State Rep. Jason Potts withdraws a bill that would have boosted the penalty for passing a stopped school bus from a misdemeanor to a felony. He will submit a new bill with tiered penalties for first, second, and third offenses. Photo courtesy NYSBCA

State Rep. Jason Potts withdraws a bill that would have boosted the penalty for passing a stopped school bus from a misdemeanor to a felony. He will submit a new bill with tiered penalties for first, second, and third offenses. Photo courtesy NYSBCA

NASHVILLE, Tenn. — A proposed bill that would have elevated the penalty for illegally passing a school bus from a misdemeanor to a felony and increased fines last week was withdrawn on Wednesday, with plans for revised, tiered penalties.

HB 0055, which was introduced on Jan. 17 by state Rep. Jason Potts, would have increased the penalty for a stop-arm violation from a Class A misdemeanor to a Class E felony, punishable by a fine ranging from $500 to $3,000. Currently, the fine for passing a stopped school bus is between $250 and $1,000, Potts told School Bus Fleet.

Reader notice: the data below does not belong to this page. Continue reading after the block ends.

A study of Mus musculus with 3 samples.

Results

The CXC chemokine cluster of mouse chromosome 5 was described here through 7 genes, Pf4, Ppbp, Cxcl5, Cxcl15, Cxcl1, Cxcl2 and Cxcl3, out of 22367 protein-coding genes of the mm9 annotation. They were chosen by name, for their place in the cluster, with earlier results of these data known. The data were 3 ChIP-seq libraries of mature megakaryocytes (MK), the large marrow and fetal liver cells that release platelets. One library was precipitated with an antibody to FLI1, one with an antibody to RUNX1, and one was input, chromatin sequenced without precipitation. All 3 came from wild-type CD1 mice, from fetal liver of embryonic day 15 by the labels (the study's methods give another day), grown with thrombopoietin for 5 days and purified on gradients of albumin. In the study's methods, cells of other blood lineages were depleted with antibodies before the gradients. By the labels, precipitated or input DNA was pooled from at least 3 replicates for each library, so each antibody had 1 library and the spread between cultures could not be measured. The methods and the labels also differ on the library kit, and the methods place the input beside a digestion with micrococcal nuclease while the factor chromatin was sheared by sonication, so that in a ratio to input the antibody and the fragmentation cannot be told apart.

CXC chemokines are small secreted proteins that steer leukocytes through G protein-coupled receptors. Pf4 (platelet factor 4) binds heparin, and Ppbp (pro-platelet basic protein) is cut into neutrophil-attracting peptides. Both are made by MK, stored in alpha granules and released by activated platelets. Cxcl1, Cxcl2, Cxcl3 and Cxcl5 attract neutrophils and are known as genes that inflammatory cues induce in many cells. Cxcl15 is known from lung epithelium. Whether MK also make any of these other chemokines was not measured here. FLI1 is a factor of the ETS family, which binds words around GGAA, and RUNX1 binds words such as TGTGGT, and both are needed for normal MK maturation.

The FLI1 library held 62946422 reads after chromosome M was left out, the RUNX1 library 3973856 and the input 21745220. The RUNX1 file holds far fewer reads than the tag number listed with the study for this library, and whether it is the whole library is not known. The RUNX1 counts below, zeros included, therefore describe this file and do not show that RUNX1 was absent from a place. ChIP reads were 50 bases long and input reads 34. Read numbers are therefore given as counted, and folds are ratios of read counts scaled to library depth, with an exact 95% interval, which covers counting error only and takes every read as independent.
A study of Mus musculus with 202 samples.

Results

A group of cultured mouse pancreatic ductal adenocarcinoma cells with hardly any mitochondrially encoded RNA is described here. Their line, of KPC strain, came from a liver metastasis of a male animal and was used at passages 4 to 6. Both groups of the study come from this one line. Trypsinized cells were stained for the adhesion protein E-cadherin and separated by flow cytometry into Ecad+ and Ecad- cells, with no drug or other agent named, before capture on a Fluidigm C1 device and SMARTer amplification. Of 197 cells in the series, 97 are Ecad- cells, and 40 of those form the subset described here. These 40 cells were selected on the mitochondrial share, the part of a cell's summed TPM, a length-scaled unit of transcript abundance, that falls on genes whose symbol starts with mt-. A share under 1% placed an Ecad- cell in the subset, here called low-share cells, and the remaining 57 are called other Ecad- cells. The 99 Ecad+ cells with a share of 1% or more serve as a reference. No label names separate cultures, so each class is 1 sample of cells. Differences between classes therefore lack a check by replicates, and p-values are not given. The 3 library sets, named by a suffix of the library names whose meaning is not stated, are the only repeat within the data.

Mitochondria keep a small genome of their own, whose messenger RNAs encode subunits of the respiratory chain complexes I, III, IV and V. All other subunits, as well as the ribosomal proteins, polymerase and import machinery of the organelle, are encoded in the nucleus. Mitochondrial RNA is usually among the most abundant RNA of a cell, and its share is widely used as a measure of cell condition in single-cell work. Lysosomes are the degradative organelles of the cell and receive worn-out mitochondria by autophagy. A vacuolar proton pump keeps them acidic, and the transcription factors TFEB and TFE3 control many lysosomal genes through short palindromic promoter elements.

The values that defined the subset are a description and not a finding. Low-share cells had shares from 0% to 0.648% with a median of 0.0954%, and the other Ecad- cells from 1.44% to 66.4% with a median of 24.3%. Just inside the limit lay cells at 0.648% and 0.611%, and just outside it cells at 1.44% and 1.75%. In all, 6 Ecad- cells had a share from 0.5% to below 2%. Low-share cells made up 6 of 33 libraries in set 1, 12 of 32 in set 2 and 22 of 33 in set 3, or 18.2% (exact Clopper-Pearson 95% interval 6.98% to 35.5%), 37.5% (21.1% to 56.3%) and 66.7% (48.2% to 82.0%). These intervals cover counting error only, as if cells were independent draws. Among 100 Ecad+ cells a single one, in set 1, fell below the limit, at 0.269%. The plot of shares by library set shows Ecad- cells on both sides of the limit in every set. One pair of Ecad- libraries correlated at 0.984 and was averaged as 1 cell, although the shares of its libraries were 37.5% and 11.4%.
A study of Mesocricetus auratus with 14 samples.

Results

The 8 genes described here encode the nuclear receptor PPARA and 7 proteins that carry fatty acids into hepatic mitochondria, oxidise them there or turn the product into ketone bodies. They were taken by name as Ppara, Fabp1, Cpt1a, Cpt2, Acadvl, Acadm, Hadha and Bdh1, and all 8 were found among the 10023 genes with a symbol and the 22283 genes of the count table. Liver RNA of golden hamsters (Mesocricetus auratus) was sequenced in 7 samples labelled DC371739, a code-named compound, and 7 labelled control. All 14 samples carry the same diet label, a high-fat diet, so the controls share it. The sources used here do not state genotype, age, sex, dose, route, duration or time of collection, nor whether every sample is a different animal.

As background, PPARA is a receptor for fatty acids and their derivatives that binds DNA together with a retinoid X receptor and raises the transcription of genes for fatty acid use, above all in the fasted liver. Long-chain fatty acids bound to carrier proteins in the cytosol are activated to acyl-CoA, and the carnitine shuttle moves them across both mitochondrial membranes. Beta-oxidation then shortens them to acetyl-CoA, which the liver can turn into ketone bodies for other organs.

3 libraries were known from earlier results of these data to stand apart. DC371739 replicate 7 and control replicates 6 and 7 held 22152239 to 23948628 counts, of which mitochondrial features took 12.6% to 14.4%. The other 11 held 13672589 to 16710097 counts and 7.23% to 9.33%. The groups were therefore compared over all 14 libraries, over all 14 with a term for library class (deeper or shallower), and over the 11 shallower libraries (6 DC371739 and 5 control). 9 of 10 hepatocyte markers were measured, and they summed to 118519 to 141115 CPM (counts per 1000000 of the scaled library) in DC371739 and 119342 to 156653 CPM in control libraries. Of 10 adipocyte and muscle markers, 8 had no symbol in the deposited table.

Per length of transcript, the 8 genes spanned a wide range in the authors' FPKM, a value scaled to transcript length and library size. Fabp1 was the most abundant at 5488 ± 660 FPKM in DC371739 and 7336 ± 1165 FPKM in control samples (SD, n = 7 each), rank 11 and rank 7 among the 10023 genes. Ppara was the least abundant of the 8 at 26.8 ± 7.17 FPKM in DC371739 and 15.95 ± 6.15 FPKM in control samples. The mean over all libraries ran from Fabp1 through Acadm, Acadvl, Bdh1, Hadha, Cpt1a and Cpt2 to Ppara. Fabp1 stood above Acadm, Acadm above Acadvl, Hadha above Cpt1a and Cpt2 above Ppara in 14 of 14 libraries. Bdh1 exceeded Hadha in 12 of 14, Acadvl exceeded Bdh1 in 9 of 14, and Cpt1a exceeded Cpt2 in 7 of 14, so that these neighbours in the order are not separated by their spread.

Potts added that he withdrew the bill because he is planning to submit a new version that will include tiers for first, second, and third offenses. The first offense would incur a $500 fine and 8 hours of community service. For the second offense, violators would receive a $750 fine, 16 hours of community service, and a loss of their driver’s license for 30 days. A third offense would be met with a $1,000 fine and a loss of the offender’s driver’s license for 120 days, Potts explained.

“I am trying to make the state safer for our kids, and am looking for the best way to do that,” Potts said.

The final draft of the new bill is still a work in progress, Potts said. It may still include a Class E felony charge for violators when a pedestrian is struck and bodily harm is caused. Potts is also looking into charges related to the death of pedestrians when someone passes a school bus.